The Computer's Chipset
By Stephen Bucaro
Most people think the microprocessor is the most important component of a computer,
but much of a computer's performance is determined by the speed of its memory and
by the type and speed of it peripheral ports.
A computer's memory and peripheral ports connect through two highly integrated
chips called simply the "chipset". The chipset consists of a northbridge chip and a
The northbridge connects to the microprocessor through the Front-Side Bus (FSB).
Through the northbridge the microprocessor is connected to the systems memory
and the Accelerated Graphics Port (AGP).
The northbridge originally connected to the southbridge using the Peripheral
Component Interconnect PCI) bus, but this created a bottleneck, so newer systems
use a proprietary dedicated bus to connect to the northbridge to the southbridge.
The southbridge, sometimes called the I/O Controller Hub ICH) handles lower-speed
features like the Basic Input/Output (BIOS) chip, an integrated audio controller,
ATA and/or SATA (hard disk drive) controllers, and I/O ports like Ethernet, USB,
and expansion slots like PCI and/or PCI Express bus.
The advantage of using a chipset is that microprocessors are already highly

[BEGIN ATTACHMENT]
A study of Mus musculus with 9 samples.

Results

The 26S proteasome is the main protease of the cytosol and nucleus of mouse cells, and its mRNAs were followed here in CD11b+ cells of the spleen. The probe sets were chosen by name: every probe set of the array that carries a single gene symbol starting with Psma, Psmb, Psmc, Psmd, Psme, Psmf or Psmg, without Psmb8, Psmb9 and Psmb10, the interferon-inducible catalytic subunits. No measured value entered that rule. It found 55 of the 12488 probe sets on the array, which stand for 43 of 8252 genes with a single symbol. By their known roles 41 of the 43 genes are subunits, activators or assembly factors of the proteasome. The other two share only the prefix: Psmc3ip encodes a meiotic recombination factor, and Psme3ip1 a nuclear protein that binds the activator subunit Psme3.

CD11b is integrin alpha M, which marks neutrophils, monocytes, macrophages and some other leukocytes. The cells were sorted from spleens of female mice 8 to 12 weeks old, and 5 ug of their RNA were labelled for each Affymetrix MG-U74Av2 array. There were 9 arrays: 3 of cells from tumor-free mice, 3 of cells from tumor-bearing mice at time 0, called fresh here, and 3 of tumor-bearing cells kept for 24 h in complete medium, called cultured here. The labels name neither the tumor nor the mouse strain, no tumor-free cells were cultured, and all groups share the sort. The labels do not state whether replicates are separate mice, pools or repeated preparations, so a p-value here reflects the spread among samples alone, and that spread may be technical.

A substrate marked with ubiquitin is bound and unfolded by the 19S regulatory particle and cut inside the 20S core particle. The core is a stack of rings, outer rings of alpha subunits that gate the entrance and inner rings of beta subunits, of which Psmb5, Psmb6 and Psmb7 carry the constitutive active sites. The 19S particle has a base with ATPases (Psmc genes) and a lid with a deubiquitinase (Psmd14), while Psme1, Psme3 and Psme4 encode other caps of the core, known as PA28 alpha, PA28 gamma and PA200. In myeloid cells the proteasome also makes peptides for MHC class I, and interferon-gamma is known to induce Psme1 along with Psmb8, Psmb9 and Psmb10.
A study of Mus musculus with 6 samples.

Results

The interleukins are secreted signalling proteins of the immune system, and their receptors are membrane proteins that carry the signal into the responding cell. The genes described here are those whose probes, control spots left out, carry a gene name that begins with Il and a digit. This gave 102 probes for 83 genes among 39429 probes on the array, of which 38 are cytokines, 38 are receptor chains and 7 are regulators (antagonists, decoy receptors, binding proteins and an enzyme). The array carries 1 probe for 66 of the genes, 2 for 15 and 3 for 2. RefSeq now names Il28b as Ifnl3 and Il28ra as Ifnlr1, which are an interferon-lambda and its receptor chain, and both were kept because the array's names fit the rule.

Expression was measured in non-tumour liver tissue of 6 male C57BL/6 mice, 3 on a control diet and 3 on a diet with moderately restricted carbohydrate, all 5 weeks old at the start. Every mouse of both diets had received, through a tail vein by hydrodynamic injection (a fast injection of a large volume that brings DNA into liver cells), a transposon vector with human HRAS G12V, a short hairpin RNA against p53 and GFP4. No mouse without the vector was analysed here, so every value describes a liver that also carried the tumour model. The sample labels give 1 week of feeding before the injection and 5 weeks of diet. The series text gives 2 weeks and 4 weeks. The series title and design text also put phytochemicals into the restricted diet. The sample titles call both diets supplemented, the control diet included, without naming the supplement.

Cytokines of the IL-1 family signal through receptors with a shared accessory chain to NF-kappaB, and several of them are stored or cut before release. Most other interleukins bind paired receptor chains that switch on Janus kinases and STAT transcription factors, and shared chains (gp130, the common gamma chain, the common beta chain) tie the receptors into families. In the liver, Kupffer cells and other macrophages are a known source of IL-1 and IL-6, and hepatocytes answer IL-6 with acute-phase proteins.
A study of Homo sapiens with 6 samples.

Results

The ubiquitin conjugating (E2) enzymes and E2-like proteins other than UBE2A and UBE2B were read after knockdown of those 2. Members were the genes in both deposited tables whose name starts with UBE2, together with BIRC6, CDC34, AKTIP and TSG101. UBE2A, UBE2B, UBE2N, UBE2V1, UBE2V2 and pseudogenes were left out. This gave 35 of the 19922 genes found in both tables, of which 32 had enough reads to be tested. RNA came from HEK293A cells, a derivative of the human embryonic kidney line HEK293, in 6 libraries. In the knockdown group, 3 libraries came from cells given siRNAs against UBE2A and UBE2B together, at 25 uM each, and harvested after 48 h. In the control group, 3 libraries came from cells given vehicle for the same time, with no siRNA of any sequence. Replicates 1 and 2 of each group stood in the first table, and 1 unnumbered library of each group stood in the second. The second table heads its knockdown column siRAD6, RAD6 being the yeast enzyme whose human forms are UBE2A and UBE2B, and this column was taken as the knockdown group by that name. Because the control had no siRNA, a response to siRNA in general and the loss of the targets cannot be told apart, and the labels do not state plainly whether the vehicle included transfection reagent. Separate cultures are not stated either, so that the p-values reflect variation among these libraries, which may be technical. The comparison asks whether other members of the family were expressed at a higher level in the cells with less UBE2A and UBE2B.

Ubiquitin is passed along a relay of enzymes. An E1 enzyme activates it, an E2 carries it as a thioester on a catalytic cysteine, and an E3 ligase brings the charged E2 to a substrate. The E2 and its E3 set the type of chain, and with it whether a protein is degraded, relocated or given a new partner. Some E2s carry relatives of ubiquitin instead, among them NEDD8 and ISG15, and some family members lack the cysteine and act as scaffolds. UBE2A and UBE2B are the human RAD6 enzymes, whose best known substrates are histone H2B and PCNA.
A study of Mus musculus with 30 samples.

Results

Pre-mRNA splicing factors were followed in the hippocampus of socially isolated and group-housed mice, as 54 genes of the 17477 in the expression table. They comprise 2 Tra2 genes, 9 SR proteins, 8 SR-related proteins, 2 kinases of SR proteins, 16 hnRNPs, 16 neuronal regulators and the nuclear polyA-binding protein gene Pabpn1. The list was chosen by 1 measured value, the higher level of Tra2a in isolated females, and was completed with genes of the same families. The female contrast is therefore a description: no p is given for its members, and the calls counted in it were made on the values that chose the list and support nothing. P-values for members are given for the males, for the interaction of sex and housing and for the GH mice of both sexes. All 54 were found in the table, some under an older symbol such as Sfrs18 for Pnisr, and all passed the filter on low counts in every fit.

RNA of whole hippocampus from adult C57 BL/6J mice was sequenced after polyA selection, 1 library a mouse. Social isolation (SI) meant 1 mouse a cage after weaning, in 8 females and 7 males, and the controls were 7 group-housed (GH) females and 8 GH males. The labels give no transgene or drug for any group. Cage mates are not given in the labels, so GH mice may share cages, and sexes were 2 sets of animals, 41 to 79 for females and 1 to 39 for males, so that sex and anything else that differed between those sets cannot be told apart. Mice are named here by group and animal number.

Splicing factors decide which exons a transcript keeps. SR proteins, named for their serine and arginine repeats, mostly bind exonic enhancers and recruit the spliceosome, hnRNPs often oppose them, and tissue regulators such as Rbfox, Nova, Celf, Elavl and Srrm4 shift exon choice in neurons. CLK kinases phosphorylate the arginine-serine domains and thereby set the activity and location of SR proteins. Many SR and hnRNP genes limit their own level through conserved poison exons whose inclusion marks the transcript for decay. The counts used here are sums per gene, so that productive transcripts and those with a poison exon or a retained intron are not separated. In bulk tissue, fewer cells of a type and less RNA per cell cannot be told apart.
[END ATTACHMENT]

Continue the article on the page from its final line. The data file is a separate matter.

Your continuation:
integrated, so to avoid stuffing more circuitry on the microprocessor chip, some of the
computers functions can be off-loaded to the chip set. Another advantage is that these
features can be operated with an independent clock, allowing the computer's owner to
experiment with overclocking (replacing the oscillator crystal with a higher frequency
crystal to try to increase performance).
However, beginning with AMD's Athlon 64-bit microprocessor and Intel's Core i series
microprocessors, the memory controller has been removed from the northbridge chip
and integrated into the microprocessor chip in order to increase performance. In today's
modern computer's, the features of the chipset have been integrated into a single chip,
like Intel's Z87 (but it's still referred to as the “chipset”).